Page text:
Country star Travis Tritt canceling shows at sites with mandates
Country star Travis Tritt announced on Monday that he is canceling shows at concert venues that require masks, negative COVID-19 tests or proof of vaccination.
“I’m putting my money where my mouth is and announcing that any venue or promoter mandating masks, requiring vaccinations, or pushing COVID testing protocols on my fans will not be tolerated,” Tritt said in a statement on his website. “Any show I have booked that discriminates against concert-goers by requiring proof of vaccination, a COVID test, or a mask is being canceled immediately.”
Tritt said in his statement that he apologized for any inconvenience that his announcement may have made but said he supported those who were opposing the mandates. Four shows in Indiana, Mississippi, Illinois and Kentucky were canceled as a result of Tritt’s announcement.
Tritt’s defense of concert cancellations was repeated in an interview with Fox’s Tucker Carlson on Tuesday.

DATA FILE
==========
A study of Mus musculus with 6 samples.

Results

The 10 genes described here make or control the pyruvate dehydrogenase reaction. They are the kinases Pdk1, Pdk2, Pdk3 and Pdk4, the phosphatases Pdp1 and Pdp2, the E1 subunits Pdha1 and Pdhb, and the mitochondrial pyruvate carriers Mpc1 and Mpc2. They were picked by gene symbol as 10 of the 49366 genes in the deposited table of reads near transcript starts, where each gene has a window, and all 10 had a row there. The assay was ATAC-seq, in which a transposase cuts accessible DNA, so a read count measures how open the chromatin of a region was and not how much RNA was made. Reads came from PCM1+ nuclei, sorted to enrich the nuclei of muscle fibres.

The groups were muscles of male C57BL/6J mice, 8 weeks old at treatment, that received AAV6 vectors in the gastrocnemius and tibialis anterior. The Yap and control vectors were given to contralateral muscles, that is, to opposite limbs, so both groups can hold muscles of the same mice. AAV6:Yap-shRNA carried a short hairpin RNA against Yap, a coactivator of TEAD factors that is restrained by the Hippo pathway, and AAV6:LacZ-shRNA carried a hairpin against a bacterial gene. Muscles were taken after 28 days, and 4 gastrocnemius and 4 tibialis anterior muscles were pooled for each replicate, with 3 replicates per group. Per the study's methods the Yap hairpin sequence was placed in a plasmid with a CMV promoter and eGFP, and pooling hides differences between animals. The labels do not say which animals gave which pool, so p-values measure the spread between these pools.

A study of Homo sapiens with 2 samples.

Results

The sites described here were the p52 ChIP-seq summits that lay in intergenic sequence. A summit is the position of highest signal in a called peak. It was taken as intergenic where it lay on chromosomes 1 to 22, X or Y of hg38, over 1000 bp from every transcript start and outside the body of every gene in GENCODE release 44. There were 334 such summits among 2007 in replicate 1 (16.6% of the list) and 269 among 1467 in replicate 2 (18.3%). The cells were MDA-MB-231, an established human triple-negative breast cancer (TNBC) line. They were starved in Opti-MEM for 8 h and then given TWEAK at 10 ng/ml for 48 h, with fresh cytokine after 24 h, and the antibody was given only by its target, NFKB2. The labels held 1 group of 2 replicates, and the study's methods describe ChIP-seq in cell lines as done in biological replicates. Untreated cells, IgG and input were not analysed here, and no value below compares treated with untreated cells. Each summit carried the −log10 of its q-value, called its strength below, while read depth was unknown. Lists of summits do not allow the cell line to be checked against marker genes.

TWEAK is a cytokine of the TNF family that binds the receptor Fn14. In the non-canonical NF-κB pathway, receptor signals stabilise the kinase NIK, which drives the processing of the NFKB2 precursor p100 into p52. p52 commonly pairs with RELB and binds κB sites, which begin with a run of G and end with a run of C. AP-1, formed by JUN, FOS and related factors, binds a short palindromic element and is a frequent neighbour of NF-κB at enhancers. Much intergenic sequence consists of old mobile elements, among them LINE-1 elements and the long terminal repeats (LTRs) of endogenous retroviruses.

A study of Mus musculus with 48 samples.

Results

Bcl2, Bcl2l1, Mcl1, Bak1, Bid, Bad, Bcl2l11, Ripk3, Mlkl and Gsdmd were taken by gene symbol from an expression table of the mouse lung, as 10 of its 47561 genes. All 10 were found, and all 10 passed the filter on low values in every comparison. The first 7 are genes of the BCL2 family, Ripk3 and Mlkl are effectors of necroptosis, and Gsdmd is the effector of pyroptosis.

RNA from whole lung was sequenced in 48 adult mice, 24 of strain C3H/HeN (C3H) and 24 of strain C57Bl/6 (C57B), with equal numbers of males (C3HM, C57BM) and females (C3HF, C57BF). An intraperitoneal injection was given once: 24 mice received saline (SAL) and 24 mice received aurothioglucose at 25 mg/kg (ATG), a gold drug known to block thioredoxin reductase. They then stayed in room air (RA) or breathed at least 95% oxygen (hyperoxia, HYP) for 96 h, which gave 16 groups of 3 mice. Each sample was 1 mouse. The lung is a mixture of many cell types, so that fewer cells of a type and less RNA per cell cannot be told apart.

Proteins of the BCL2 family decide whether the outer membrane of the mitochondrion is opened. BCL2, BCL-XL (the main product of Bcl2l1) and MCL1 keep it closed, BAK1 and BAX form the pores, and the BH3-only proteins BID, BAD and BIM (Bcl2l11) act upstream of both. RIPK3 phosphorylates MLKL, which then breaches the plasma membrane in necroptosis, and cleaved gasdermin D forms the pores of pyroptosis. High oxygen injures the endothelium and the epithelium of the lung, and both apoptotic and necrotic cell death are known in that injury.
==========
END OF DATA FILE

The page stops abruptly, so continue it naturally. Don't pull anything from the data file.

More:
Country music star Travis Tritt tells Tucker Carlson why he canceled shows at venues that mandate masks and vaccines. pic.twitter.com/nVgIXGjM6f
— The Post Millennial (@TPostMillennial) October 20, 2021
“This is not about following the science, or trying to look out for the safety of the people there. This is about something else. This is trying to divide people, this is trying to shame people,” Tritt told Carlson. “This is trying to basically discriminate against people that they don’t feel are clean enough to be a part of enjoying a concert like that.”
British musician Eric Clapton, who vowed not to perform at venues that would require proof of vaccination, last month seemed to sidestep his own COVID-19 policy after performing at a concert venue that required vaccinations.
Other artists, however, have embraced the requirement, including country singer Jason Isbell.
“For all of our shows, everywhere going forward, we’re going to require either a vaccine card or a negative test and we’re going to ask everybody to wear masks,” Isbell said during an MSNBC interview in August, acknowledging that some might be upset by the announcement.